Last Saturday, The Heights opened its doors to some 120 parents—many parents of current Heights students, some friends of the school, and still other prospective Heights parents. Following on the success of last spring’s Fatherhood Conference, which similarly saw well over a hundred fathers in attendance, last Saturday’s event featured a blend of lectures, Q&A sessions, and breakout discussions. The topic was technology and freedom; or, in other words, how to raise children who have the ability to master technology and not to be mastered by it.
In many ways, the topic was timely. As Rich Moss pointed out in his talk, there is a growing amount of data and social science correlating screen use and the mental health difficulties an increasing number of adolescents face today.
The conference focused on both the internal guides children and parents should foster and the external guardrails that provide the right environment for developing these internal dispositions. Moreover, many of the conversations centered around discerning the proper “prudential on-ramp” for each child. Recognizing the uniqueness of each child and each situation, all of these conversations, while offering some universal principles, were merely starting points for further discussion among the parents about how they would put these principles into practice for their specific situation. All of the talks underscored the importance of modeling healthy technology use as parents. Besides resolutions for guiding their children, many parents left with resolutions for how they would better guide their own use of technology.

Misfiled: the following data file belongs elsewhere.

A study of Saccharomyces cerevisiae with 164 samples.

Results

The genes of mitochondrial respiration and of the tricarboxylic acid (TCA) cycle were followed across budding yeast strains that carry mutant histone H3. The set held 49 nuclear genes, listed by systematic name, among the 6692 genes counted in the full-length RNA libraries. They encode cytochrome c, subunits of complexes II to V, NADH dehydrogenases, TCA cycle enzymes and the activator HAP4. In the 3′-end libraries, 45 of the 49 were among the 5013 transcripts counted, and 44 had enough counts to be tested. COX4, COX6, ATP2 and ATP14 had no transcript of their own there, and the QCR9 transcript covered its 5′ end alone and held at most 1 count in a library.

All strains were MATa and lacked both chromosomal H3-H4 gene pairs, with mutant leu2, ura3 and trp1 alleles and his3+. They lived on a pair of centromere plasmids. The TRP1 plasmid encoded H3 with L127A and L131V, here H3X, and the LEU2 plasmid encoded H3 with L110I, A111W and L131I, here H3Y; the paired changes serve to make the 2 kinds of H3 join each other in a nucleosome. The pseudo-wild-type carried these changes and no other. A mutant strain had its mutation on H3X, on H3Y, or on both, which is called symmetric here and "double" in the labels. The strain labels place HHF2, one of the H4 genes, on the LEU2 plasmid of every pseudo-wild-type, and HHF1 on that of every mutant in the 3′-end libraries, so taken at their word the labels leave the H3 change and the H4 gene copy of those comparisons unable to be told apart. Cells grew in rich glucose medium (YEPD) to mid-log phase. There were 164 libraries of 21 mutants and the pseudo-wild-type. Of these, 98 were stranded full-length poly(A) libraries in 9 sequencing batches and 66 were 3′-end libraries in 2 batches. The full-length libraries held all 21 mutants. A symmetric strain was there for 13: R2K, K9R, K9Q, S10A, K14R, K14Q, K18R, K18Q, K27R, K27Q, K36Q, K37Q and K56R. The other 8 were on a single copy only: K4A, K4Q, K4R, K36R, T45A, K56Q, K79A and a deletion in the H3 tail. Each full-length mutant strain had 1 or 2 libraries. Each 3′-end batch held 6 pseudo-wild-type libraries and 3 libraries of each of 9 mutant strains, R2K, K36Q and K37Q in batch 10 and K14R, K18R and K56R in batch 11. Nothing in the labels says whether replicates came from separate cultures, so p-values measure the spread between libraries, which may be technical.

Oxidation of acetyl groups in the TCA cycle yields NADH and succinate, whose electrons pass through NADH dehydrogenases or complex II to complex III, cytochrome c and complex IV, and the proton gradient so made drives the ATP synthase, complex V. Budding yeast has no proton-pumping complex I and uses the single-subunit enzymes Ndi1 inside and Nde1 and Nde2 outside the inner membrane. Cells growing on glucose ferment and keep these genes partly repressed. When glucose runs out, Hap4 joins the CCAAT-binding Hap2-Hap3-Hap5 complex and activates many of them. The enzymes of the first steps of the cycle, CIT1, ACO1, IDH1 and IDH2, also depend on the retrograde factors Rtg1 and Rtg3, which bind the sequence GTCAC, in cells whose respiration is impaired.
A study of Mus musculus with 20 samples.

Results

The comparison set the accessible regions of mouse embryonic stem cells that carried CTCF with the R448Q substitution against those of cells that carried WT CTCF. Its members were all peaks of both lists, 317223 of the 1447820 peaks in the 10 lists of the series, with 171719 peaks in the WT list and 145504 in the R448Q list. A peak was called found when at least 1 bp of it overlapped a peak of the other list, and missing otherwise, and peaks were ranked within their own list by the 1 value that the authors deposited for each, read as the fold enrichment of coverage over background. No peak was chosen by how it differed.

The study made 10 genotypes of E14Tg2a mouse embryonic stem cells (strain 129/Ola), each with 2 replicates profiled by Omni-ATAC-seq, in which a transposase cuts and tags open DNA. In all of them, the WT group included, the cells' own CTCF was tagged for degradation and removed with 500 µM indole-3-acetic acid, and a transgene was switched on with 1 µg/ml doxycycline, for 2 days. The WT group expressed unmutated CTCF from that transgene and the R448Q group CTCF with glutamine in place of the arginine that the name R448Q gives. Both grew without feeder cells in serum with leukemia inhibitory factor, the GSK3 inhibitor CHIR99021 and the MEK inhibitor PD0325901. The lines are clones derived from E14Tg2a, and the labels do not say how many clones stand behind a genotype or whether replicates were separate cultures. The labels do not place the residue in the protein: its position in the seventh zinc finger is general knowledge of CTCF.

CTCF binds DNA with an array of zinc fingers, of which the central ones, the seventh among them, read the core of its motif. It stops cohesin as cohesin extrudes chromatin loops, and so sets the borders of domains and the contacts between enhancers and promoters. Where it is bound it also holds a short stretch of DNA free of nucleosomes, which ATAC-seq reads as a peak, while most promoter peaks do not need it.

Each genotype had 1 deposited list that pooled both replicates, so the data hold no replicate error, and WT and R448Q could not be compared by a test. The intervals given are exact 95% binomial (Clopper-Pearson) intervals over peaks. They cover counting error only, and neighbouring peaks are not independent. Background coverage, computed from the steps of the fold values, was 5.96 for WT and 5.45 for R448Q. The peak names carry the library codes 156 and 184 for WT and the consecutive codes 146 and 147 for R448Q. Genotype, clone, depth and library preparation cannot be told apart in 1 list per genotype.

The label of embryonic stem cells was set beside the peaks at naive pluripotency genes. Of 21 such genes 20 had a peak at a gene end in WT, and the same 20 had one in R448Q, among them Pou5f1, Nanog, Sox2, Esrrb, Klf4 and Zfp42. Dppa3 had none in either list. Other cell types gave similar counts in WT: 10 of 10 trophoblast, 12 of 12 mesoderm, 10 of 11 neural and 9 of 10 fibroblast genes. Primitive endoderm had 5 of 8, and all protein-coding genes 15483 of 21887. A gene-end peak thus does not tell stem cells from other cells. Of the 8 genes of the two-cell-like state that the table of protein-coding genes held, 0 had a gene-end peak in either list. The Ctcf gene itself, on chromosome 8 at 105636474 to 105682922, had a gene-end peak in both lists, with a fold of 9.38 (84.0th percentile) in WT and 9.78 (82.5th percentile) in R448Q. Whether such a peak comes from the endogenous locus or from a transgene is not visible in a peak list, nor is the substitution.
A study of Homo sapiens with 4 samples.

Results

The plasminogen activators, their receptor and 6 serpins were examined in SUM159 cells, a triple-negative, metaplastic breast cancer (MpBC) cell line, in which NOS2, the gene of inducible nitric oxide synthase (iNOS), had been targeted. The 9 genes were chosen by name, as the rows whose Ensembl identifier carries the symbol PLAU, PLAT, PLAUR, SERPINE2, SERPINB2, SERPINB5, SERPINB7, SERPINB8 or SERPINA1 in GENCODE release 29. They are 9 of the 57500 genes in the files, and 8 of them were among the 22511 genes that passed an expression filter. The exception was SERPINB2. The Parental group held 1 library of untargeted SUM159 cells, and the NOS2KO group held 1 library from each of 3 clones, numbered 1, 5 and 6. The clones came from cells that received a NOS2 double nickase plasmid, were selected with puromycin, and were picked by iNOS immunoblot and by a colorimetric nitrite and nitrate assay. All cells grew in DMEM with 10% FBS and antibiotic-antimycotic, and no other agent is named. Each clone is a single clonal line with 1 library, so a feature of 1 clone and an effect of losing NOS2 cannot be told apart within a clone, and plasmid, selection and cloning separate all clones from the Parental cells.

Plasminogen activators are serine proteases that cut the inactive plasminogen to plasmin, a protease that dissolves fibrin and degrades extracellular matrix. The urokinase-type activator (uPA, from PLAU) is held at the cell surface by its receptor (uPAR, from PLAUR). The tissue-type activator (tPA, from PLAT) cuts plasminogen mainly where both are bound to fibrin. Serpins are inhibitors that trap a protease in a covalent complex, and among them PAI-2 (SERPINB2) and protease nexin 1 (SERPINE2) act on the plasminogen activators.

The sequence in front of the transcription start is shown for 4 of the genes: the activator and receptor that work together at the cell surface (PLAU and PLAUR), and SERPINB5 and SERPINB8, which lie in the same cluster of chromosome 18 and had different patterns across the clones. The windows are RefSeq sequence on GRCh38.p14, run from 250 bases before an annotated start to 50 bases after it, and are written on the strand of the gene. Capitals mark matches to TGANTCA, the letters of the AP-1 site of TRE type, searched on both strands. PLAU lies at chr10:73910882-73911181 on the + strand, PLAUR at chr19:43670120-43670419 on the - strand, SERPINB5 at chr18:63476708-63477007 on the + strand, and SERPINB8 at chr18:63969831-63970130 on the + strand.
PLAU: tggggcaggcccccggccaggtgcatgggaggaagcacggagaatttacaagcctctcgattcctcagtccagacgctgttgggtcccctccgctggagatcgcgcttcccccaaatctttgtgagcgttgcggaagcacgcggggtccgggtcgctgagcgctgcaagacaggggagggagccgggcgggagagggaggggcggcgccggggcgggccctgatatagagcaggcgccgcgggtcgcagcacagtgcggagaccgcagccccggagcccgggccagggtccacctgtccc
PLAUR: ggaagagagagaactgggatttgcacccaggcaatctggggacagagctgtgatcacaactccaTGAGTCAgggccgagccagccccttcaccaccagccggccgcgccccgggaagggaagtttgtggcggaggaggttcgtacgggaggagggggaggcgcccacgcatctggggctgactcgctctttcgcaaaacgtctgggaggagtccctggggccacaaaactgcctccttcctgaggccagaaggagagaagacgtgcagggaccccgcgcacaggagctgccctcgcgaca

One parent remarked:
Smartphones and social media have become among the toughest issues to navigate as parents. The conference was deeply informative and thought-provoking. The guidance and encouragement offered at the conference prompted my husband and me to make several resolutions pertaining to specific guardrails for our kids, collaboration with the parents of our kids’ friends, and also with regard to our own screen use and the example it sets.
In the seventeenth century, the French philosopher Blaise Pascal wrote that “all of humanity’s problems stem from man’s inability to sit quietly in a room alone.” In the twenty-first century, this inability has only grown, in no small part, due to the omnipresence of screens. As parents seek to raise children capable of being contemplatives in the middle of the world, helping them grow in self-mastery in the arena of technology is a sine qua non.
Missed the conference, but don’t want to miss out on the content? Check out the Freedom and Technology Collection.